London press and radio reports instantly seized on the information released from Westminster City Council graphically describing hygiene failures, including the discovery of a bloated ‘supermouse’ feasting in a food crate.
Within a few hours, the story appeared on national press websites, including those attached to The Sun and the Daily Mail.
Environmental health officers were called in to inspect the store after complaints from customers in March last year of mouse sightings in the aisles.
After two visits, the inspectors immediately issued an emergency hygiene prohibition notice closing the premises upon discovering food debris atop shelves, a strong smell of decomposing rodents and mouse droppings.
Droppings were discovered on packaging, by the pick n’ mix counter, on shelves stocking crisps and elsewhere in the store.
Live rodents in the shop’s storage area, gnawed raw chicken on crates in a basement walk-in fridge and out of date, rotting food in a dairy and produce cold room were also reported.
Issuing his decision yesterday (July 18), district judge John Sanders accepted Tesco's argument that the out of date food was waste and not intended for sale.
He said each of a potential six violations carried a maximum fine of £5,000, but referred the case to Southwark Crown Court because he felt his powers were insufficient to impose appropriate penalties.
Tesco was found guilty of failing to:
- Keep the premises clean allowing areas of the store to get very dirty;
- Have adequate procedures in place to control pests;
- Keep raw materials and ingredients in appropriate conditions designed to prevent harmful deterioration and protect them from contamination;
- Keep wrapping materials stored in a proper manner, such that they were exposed to a risk of contamination;
- Have a proper layout, design and construction of the food premises to permit good food hygiene practises, including protection against contamination;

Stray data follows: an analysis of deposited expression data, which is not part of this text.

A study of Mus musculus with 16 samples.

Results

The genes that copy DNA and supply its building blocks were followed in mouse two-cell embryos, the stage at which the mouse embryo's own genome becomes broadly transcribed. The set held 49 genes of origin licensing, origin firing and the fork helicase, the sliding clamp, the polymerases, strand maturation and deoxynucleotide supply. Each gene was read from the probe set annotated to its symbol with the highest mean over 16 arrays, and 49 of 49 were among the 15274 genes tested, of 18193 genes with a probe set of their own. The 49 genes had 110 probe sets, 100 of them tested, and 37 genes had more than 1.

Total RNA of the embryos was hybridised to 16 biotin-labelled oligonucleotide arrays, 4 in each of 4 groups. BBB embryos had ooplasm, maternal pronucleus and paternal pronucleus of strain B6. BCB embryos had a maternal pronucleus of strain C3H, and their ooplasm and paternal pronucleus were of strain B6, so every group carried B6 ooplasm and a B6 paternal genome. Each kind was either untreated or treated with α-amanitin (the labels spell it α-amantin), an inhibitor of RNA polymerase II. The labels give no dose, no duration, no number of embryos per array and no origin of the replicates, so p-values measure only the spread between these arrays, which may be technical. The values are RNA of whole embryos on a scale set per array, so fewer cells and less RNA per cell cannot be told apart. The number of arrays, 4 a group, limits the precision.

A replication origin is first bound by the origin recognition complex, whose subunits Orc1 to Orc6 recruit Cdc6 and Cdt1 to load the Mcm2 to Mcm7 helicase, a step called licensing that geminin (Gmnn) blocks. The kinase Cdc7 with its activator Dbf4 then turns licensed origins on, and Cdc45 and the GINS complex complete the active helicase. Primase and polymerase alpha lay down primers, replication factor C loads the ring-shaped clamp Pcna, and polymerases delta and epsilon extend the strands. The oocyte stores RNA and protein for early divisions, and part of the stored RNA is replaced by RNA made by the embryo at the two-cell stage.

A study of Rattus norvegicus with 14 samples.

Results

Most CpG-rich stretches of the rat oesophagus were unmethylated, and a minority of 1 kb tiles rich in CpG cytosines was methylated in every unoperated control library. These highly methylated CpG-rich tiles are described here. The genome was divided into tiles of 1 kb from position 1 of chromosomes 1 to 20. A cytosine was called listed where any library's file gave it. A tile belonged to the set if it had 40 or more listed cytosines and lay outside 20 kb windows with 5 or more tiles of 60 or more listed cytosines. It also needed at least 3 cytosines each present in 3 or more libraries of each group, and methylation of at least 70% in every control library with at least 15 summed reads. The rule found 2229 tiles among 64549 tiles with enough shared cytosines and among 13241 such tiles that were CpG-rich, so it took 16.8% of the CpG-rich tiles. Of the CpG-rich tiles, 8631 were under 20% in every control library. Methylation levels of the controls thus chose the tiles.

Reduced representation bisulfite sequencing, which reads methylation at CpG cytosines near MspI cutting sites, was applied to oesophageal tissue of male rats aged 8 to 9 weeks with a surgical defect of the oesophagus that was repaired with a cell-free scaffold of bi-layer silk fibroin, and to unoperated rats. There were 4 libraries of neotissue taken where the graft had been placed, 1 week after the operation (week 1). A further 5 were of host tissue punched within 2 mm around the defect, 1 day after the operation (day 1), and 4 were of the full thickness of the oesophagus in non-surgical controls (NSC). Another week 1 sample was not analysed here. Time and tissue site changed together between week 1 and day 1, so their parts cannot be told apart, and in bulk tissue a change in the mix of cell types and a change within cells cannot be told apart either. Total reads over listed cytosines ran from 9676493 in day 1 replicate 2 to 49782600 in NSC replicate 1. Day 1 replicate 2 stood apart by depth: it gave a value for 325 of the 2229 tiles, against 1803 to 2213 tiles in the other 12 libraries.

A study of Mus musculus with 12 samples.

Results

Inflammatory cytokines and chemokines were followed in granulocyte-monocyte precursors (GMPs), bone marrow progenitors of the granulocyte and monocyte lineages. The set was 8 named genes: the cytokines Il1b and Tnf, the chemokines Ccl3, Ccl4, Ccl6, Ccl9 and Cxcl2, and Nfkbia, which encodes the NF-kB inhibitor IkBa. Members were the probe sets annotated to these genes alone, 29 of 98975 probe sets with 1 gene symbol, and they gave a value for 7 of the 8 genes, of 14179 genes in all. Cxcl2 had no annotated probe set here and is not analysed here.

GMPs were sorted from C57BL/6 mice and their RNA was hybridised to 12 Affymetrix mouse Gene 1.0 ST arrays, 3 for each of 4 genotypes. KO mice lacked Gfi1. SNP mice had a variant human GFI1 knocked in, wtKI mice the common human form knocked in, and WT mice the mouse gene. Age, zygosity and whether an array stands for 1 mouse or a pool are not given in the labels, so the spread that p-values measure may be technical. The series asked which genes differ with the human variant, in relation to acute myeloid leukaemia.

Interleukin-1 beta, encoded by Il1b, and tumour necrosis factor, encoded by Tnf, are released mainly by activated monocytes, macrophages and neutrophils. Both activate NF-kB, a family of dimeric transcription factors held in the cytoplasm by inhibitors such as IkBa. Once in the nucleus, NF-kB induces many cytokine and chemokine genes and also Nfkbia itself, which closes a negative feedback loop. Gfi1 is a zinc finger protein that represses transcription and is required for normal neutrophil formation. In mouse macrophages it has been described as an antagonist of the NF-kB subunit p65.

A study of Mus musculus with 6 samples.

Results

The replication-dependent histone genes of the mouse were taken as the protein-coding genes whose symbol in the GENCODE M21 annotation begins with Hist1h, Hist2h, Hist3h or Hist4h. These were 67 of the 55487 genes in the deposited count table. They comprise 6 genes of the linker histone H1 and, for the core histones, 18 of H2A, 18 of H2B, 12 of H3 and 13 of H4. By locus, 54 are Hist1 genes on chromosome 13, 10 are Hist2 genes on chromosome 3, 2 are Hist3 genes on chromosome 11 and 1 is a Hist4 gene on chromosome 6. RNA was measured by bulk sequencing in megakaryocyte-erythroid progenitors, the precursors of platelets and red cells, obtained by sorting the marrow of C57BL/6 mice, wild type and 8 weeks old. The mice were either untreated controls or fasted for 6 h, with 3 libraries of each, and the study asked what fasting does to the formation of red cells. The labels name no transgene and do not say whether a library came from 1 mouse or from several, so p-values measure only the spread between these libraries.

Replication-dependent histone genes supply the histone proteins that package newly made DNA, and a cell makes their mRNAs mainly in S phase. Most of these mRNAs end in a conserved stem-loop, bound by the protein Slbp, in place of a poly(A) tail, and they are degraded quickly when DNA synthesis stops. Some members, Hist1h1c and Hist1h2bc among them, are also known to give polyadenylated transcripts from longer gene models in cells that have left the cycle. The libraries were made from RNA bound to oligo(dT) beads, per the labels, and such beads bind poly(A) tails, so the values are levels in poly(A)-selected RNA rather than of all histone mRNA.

- Implement and maintain proper HACCP (hazard analysis critical control points) procedures.
After the hearing, Safia Khokhar, Westminster City Council environmental health officer, said the case related to “one of the most concerning breaches of food safety laws we have seen in a long time".
"The conditions at the store were disgusting and a serious risk to health ... Even Tesco recognised that there had been serious failures in its own procedures that allowed the situation to get to the stage it did.”
On the basis of the evidence, Tesco pleaded guilty to the six offences and subsequently issued an official apology.
In a statement, the supermarket giant said: “We insist on the highest standards of hygiene in our stores and we are very sorry that we fell short of those standards in Covent Garden last year.
“We took urgent action to deal with this isolated incident and voluntarily kept the store closed whilst we carried out a complete refit. We have been working hard to ensure our high standards are maintained so that this will not happen again.”
The incident is the latest in a string of high profile PR gaffes for the retailer. Earlier this month, Tesco issued another apology for a tweet from Steve Strachota, Tesco distribution director, praising the axing of five depots as an example of "awesome teamwork".
And Tesco came under heavy fire for its involvement in the horsemeat scandal, when samples from frozen beef burgers sold in its stores tested positive for horsemeat in tests by the Food Safety Authority of Ireland.
- Food Manufacture is holding a food safety conference at the National Motorcycle Museum, close to Birmingham's National Exhibition Centre, on October 17. Speakers include FSA director of operations Andrew Rhodes, David Brackston, technical director of the British Retail Consortium, and Sue Davies, chief policy advisor at consumer group Which? For more information, click here.